Ratf**ked: A Selected Bibliography

July 13th, 2017

David Daley is the author of Ratf**ked: Why Your Vote Doesn't Count (Norton). He is a senior fellow at FairVote and the former editor in chief of Salon.com. His work has also appeared in the Washington Post, The Atlantic, New York magazine and many other publications. Daley joins us Thursday, July 20, 6pm at the Co-op for a discussion of Ratf**cked with Rick Perlstein.

Dark Money by Jane Mayer - Jane Mayer of the New Yorker is the best reporter we have, period. Dark Money unpacks— clearly, tenaciously, intently — every tentacle of the Koch brothers’ mega-million-dollar operation to reshape politics and policy, no matter how brilliantly the Kochs tried to bury and disguise its roots. You can’t understand today’s politics without it. 

Why the Right Went Wrong by E.J. Dionne - Dionne argues that since 1964, in election after election, Republicans have made promises that they are either unwilling or unable to deliver upon. The result: An endless cycle of disillusion and betrayal amongst the conservative faithful that has driven the party ever-rightward — and into an irresponsible permanent state of extremism and obstruction.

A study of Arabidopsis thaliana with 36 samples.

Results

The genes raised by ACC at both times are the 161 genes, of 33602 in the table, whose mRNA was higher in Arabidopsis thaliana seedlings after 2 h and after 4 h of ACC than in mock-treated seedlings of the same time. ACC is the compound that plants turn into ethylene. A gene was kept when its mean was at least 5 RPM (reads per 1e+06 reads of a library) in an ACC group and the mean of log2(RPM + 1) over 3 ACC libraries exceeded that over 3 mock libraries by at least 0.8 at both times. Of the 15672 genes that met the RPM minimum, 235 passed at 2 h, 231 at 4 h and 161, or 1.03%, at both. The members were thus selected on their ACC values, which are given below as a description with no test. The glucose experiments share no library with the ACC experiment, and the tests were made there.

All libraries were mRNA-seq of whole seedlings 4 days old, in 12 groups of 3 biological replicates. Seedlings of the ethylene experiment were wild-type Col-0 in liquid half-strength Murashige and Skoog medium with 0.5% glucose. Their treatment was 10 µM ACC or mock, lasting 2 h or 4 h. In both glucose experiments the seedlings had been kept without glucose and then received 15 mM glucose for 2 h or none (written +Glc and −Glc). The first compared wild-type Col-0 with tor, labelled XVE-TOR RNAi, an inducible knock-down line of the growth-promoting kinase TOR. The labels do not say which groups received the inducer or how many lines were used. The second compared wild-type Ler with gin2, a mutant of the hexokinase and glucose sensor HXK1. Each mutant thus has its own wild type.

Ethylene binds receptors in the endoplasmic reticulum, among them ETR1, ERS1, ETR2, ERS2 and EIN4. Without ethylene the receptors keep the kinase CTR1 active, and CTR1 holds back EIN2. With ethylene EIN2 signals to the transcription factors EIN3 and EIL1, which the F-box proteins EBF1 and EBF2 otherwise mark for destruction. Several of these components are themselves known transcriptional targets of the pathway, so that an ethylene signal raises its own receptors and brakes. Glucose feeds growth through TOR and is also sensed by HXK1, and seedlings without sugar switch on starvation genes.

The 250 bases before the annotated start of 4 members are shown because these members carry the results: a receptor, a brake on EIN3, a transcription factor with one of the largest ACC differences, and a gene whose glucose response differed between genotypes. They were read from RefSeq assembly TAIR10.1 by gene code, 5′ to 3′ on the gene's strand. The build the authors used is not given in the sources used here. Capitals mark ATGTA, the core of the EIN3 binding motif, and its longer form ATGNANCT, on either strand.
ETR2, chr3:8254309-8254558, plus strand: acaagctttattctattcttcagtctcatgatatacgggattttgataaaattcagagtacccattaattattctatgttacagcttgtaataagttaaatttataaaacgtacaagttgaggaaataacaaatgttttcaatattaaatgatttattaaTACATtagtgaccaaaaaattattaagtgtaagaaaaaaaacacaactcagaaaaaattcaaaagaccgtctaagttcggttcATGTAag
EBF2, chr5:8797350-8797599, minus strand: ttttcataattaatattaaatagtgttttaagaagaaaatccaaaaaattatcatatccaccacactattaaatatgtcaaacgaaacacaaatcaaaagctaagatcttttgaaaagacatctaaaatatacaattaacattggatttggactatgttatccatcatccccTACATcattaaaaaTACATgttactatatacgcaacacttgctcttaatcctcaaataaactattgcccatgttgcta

It’s Even Worse Than It Looks by Norman Ornstein and Thomas Mann - In an era of “both sides-ism” and false equivalency, it took these two respected Washington scholars and insiders – a conservative and a liberal – to step back and actually say it. The dysfunction and hyper-partisanship in our politics has been created by a dramatic change within the GOP.

Gerrymandering in America by Anthony J. McGannCharles Anthony Smith and Michael Latner - Political scientists tend to deny the importance of gerrymandering, either viewing it as longtime politics-as-usual or placing the blame on Democratic voters for “self-sorting” in cities while Republicans are more efficiently spread throughout the country. Michael Latner and colleagues finally modernize this thinking – showing conclusively how the 2010 redistricting cycle  was more partisan than any other in modern times. 

Give Us The Ballot by Ari Berman - The definitive story of the fight for voting rights across America, still very much – and quite depressingly – a modern struggle even 50 years after the passage of the Voting Rights Act.

The Great Suppression by Zachary Roth - What I love about this book is the way it synthesizes all these threads together – voting rights, gerrymandering, dark money – in order to tell a story about just our threatened, fragile democracy and the partisan forces that created this frightful moment.